I was born in Harrisburg, Pa. and grew up there around the middle of the last century. In my young life, I observed the adults around me: the women were mainly homemakers, some teachers, librarians, and nurses; the men, mostly businessfolk and tradesmen, a few doctors, lawyers, and other professionals.
Never in those years did I meet a single artist. There was art around, I suppose, in magazines, in museums, and in some people’s homes (although I can’t remember ever seeing any original art), but I never saw anybody who actually made art. Art was sort of like avocados — slightly exotic.
I was in my early twenties when I landed in Provincetown, and suddenly I was surrounded by artists — lots of them. Of course, there were plenty of poseurs, those who liked the idea of being an artist, or the look of being an artist; and there were those who earnestly tried to be artists but lacked the nerve and discipline, not to mention talent, and eventually failed in their attempts. But there was also a solid core of people who seriously and professionally pursued the making of art; it was their life’s journey. The famous Cape Cod light has inspired artists of all kinds. And artists, like all humans, seek community (with a touch of isolation). So here they are.
I am fascinated by the person who sees a blank canvas or a block of wood and is motivated — even compelled — to create something where nothing existed before. I have always wondered where that impulse originates. But trying to explain the source of art in a few hundred words seems like a fool’s errand. Scholarly books on the subject bow the shelves of libraries worldwide. Certainly, bands of early humans sat in awe gazing at the starry night sky, or watched in amazement at herds of grazing animals in the meadows, and one in a thousand was moved to recreate these scenes on a cave wall. One of them carved a fertility fetish — ample breasts and large flanks — out of stone.
Doesn’t every child sketch and color at some point, and weren’t most of us exposed to some formal art experience (usually mediocre) in our education? What happens to make a small number of people believe that they can actually create art?
I decided there was no better way to get at the crux of this question than to go to the source. I went to friends, relations, and acquaintances who are artists and asked at what age they realized they were artists and what their primary influences were.
Susan Lyman’s first influence was fashion. She made paper dolls and dresses at age seven or eight and worked on all the prom decorations and her high school yearbook; her later influences were Pop Art and psychedelic album covers. For Don Beal, it was copying from Mad magazine and comic books at seven or eight, but ultimately it was a visit to the Museum of Fine Arts in Boston, where an Andrew Wyeth exhibit transfixed him: “They had to get me out of there. I kept touching the paintings; they were magic portals.” For him, being an artist was “inevitable.”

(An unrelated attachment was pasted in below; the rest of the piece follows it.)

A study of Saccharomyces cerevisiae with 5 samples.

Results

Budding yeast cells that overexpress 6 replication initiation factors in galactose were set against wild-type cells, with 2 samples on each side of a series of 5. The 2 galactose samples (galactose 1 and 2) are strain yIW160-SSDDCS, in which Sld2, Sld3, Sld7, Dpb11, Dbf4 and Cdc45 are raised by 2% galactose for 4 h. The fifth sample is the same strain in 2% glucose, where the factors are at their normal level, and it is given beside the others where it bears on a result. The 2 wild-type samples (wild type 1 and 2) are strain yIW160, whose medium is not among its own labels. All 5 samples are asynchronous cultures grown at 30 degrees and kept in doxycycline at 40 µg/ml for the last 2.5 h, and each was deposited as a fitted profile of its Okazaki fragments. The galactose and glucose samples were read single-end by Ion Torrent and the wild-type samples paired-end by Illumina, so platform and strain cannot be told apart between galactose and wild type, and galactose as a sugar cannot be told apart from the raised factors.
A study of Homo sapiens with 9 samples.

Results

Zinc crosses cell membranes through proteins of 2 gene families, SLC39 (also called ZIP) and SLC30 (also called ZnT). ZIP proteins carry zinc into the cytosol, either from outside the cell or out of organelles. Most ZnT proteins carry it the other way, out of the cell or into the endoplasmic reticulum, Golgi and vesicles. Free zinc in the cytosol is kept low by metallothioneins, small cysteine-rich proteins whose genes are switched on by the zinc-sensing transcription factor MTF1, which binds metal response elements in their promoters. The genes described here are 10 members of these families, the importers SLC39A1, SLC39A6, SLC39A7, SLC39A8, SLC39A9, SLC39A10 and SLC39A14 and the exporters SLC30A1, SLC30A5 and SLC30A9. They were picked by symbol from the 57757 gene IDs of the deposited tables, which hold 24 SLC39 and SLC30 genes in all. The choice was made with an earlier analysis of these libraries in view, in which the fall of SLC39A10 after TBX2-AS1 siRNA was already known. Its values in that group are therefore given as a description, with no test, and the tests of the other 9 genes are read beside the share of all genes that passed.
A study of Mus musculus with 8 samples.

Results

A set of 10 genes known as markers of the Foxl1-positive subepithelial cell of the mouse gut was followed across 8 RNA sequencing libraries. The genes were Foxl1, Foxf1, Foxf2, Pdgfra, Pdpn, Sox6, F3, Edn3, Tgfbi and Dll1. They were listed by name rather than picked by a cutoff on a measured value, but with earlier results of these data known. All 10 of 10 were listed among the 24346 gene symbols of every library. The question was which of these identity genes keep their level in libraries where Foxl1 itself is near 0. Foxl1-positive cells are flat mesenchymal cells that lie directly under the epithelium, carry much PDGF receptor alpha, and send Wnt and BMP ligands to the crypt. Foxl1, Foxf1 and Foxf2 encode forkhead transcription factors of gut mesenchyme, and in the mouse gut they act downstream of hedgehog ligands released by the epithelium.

For Bill Evaul, it was the Philadelphia Museum of Art at age five and a huge Picasso (Three Musicians): “They couldn’t pull me away.”
Jerome Greene’s first success, at age 10, was a portrait of old Zachary Taylor; time spent at the New Britain Museum of Art was formative. Rob Longley says, “The impulse was always there,” but a Monet exhibit at the MFA and, later, a print of Durer’s impressed him.
Richard Pepitone began his creative life finger-painting in a Brooklyn kindergarten and “not even knowing the name of an artist” until his teens. Frank Milby started at about age 10; he remembers successfully drawing an ear of corn. Although his parents were not supportive, he had an art teacher who recognized his talent.
Katrina Walker was a “late starter,” and it was Provincetown’s art scene that “just rubbed off” on her. For Barbara Cohen, “There were no other options. It was in my DNA. I always saw things differently.” My granddaughter, Miranda Dziedzic, age 12, is a serious artist and claims as her influences her time in Provincetown, the Philadelphia Museum of Art, and the art in her household (her parents collect a bit).
If there is a common core in these stories, beyond the importance of museums and a supportive family or community, I can’t find it. The great mystery of the self — of who we are and what we turn out to be, is a Gordian knot: some of us are gay, some straight; some are afraid of heights, some of spiders; some of us are obsessed with sailing, or gardening, or birding, or redheads.
Art blossoms on its own, in receptive minds. Best to leave it at that. And be grateful.